Being a freelance writer can open up many new horizons, especially when you work for a company as diverse as WordHound. Did you know, for example, that dimmer switches were invented in 1959? I didn’t. Easy access to material makes research today a simple matter, and means I can write about anything from the biochemical properties of medicinal plants to predictive maintenance and digital twins. These are some things I’ve learned in several years of writing for a favourite client…
Knowing your client is essential
Rowse are technical distributors, which means that they often want descriptions of their products, or a blog about how these work in a complex system. They’re very helpful in giving me pointers to websites where I can get to grips with what I’m going to be talking about. If I’m really stuck, they’re always happy to provide explanations or more material.
For an actual object like an electrical component, I start by looking at Rowse’s product listing and seeing a picture of the item. There’s usually also a description, though this is often limited to basic specifications and technicalities that I don’t necessarily understand. When it’s a question of a whole system like servo pneumatics, this won’t be enough because there are too many contributory parts.
Internet searches are a reasonable starting point
That means I’ll have to Google “servo pneumatics” and see what comes up. The problem with these results is that they’re typically reproduced from a common source, and WordHound is all about original content. The lowest common denominator is usually a Wikipedia entry, but Wikipedia isn’t peer-reviewed. This means the information hasn’t been checked by an expert, so shouldn’t be relied on. I will sometimes use Wikipedia as a last resort, but only to confirm that I’m on the right track.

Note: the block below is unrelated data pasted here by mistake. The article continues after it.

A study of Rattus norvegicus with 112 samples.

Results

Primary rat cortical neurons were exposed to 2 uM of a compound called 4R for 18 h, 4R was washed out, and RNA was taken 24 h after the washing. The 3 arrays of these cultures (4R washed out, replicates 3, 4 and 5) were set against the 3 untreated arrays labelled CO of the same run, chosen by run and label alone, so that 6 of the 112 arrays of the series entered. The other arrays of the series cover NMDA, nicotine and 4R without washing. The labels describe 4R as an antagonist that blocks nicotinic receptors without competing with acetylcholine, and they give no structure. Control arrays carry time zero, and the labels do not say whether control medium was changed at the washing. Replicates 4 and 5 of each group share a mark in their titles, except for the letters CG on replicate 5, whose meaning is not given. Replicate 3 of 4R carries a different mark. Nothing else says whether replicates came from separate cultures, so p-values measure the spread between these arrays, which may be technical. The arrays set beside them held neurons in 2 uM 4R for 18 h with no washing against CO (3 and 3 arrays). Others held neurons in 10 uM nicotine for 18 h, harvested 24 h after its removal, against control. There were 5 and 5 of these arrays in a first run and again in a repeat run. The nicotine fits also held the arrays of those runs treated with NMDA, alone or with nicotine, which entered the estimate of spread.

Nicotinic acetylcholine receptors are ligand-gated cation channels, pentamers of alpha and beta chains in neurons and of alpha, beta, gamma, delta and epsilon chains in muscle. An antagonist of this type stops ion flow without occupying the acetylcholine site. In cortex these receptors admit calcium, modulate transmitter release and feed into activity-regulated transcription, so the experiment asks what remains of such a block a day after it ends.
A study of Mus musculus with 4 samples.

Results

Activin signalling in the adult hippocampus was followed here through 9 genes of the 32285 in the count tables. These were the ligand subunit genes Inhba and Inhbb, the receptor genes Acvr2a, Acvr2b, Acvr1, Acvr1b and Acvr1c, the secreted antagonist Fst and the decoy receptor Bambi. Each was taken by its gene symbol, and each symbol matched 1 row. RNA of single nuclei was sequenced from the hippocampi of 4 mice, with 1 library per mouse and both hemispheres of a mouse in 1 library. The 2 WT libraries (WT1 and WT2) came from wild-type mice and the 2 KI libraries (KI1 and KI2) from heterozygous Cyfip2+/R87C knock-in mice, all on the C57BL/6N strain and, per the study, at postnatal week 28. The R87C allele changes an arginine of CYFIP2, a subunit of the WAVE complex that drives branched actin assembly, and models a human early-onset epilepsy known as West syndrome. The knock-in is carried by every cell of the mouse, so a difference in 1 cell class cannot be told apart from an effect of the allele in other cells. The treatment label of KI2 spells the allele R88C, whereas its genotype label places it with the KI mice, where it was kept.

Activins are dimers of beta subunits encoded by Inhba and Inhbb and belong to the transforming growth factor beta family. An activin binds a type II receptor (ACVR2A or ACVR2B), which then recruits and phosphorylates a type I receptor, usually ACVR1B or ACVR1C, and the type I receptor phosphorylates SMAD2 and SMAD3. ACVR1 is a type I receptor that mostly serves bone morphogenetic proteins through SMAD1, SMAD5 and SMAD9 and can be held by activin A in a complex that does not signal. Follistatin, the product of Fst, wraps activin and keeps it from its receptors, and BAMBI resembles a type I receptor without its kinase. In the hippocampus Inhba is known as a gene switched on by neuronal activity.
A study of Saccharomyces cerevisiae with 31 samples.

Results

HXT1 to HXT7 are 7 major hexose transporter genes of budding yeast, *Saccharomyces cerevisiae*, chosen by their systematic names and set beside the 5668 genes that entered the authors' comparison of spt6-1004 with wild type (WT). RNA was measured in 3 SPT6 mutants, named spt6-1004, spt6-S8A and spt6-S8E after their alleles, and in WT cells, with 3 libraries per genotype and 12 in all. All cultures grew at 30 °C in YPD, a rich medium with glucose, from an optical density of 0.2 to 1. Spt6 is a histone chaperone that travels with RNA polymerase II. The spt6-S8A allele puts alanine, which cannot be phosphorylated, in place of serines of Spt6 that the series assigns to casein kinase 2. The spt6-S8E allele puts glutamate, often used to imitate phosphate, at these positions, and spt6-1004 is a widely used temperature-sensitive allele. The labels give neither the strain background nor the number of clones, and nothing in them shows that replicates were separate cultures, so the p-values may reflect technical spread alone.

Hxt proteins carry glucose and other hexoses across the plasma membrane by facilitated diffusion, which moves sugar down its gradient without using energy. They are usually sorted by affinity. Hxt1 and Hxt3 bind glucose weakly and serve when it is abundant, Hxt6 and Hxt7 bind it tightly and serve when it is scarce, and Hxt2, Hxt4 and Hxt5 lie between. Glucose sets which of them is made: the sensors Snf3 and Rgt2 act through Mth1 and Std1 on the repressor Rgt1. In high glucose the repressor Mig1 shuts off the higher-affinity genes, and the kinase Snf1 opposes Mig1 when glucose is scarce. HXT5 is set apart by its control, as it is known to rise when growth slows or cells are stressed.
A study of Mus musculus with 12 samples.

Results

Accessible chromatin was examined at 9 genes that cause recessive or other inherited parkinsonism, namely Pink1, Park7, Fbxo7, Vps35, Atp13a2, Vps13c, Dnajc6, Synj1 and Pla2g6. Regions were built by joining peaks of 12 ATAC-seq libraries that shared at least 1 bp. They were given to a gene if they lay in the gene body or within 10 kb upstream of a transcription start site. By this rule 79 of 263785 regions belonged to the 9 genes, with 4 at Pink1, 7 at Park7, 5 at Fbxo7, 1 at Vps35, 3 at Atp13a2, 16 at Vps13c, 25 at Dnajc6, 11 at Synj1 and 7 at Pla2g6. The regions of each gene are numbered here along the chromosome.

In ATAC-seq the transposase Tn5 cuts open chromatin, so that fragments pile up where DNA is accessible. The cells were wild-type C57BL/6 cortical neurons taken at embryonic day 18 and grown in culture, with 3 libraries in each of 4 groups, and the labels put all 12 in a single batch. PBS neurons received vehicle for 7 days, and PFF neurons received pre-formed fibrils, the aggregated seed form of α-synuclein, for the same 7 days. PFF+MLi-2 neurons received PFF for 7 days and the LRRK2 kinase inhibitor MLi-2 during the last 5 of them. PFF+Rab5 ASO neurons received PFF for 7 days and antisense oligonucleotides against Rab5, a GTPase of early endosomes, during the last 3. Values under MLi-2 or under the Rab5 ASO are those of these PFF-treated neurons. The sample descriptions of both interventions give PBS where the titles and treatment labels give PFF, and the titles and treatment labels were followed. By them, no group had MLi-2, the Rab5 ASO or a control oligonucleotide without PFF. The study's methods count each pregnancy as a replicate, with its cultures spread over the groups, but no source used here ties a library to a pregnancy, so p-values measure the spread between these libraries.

Checking out the oppo is useful
The better move is to skim some manufacturer and competitor blogs, to see what they include. I’ll typically select information from three or four similar pieces so that I have enough material to make an original new one. As the blog is a technical brief, it needs to be accurate, but it should also incorporate requested keywords – and be readable! The main remit for Rowse is to make complex technical descriptions comprehensible to the layperson, so I try to strip out any bewildering jargon.
It’s often fun
The great thing about writing for Rowse is that their content is so varied. They keep up to date with the latest technological advances, and often want blogs about general interest topics like Artificial Intelligence. I’m a huge sci-fi nerd and I love investigating anything like AI. Since I’m not a scientist or an engineer, it’s constantly pushing the boundaries of my understanding. I can almost feel my brain stretching to accommodate the technicalities, but I’m amazed at the things I learn when researching this kind of material. I’ll never have any practical use for it, but it’s exciting to know that I can simplify material like this to a level where (for example) university students find it accessible.
Academic rigour is frequently a must
When I’m given something really complex, I often revert to Google Scholar. This is where I’ll find leading academic articles, penned by scientists and engineers, who really do know what they’re talking about. Most of these require a subscription to read the whole article, but some have uploaded full-length PDFs, and most have an abstract summarising the whole paper. It’s demanding to assimilate, but at least it comes direct from the top.
Writing fairly technical material for a company like Rowse won’t be for every writer, of course. But for me, it keeps my grey matter supple, and provides regular challenges which I (usually!) enjoy – as well as regular work for an expanding business.